The Auld Alliance was a series of treaties between France and Scotland, operational between 1295 and 1560, as a means to counter English aggression. Notwithstanding the distant history of the formal alliance, there remain strong cultural ties between the two countries, which date back to these early days.
After centuries of culinary irrelevance, the influence of French gastronomy has finally found its way to Scotland. A host of talented and inventive young chefs are competing with their French counterparts, taking advantage of the extensive supply of superb quality natural ingredients from islands, the lochs, and the hills. Scotland is now firmly on the map as a culinary destination for all who enjoy good food while travelling through some spectacular scenery.
And nowhere is this culinary revolution more evident, than in a tiny village two hours north of Edinburgh, on the banks of the River Dee, by the name of Braemar. Here it is, that members of the British aristocracy come to see The Highland Games taking place in September each year. And were it not for the fact that Balmoral is just down the road, HRH would surely settle in for a night or two in the Royal Suite, at the recently re-opened boutique hotel, The Fife Arms. There are few hotels indeed, which can boast a Picasso in the drawing room, and a Lucien Freud in the reception, but that is beside the point. The excellence is in the hospitality, and originality of the gastronomy, which makes this country hideaway, a must stop on any European tour. www.thefifearms.com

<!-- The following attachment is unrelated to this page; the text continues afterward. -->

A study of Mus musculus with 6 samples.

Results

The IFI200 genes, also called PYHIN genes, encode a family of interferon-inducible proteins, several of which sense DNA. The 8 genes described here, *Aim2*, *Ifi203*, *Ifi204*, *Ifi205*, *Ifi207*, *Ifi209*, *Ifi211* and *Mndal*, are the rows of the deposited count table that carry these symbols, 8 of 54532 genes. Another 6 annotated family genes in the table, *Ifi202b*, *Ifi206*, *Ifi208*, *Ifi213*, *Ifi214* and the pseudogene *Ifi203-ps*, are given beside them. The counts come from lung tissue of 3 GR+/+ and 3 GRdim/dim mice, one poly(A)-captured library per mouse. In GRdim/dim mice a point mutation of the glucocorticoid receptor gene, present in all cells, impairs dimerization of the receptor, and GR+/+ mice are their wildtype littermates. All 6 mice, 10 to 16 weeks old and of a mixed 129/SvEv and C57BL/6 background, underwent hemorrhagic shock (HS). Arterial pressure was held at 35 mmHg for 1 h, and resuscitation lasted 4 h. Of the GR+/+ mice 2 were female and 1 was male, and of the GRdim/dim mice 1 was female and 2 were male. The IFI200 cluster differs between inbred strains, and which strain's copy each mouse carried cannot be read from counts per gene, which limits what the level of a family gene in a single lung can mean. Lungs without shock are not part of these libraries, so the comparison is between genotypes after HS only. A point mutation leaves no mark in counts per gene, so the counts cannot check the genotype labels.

A full description of the hotel, its amenities, and the surrounding countryside, together with photos, is available to Members without charge in the European Travel Blog
Through the village runs a tributary of the River Dee, and within a few hundred metres is the Dee itself, with magnificent walking along its banks, and easy access to the surrounding hills. The hotel keeps a stock of wellies in a boot room for wet weather, but some stout walking boots are the best form of footwear.
What else to drink in the cocktail bar than a dram of Royal Lochnagar from the distillery down the road bearing the Royal Warrant. Well, one of us enjoyed the whisky, and the other, something from the hotel’s cocktail menu, created using herbs and edible plants foraged in the hills and distilled in the hotels own still.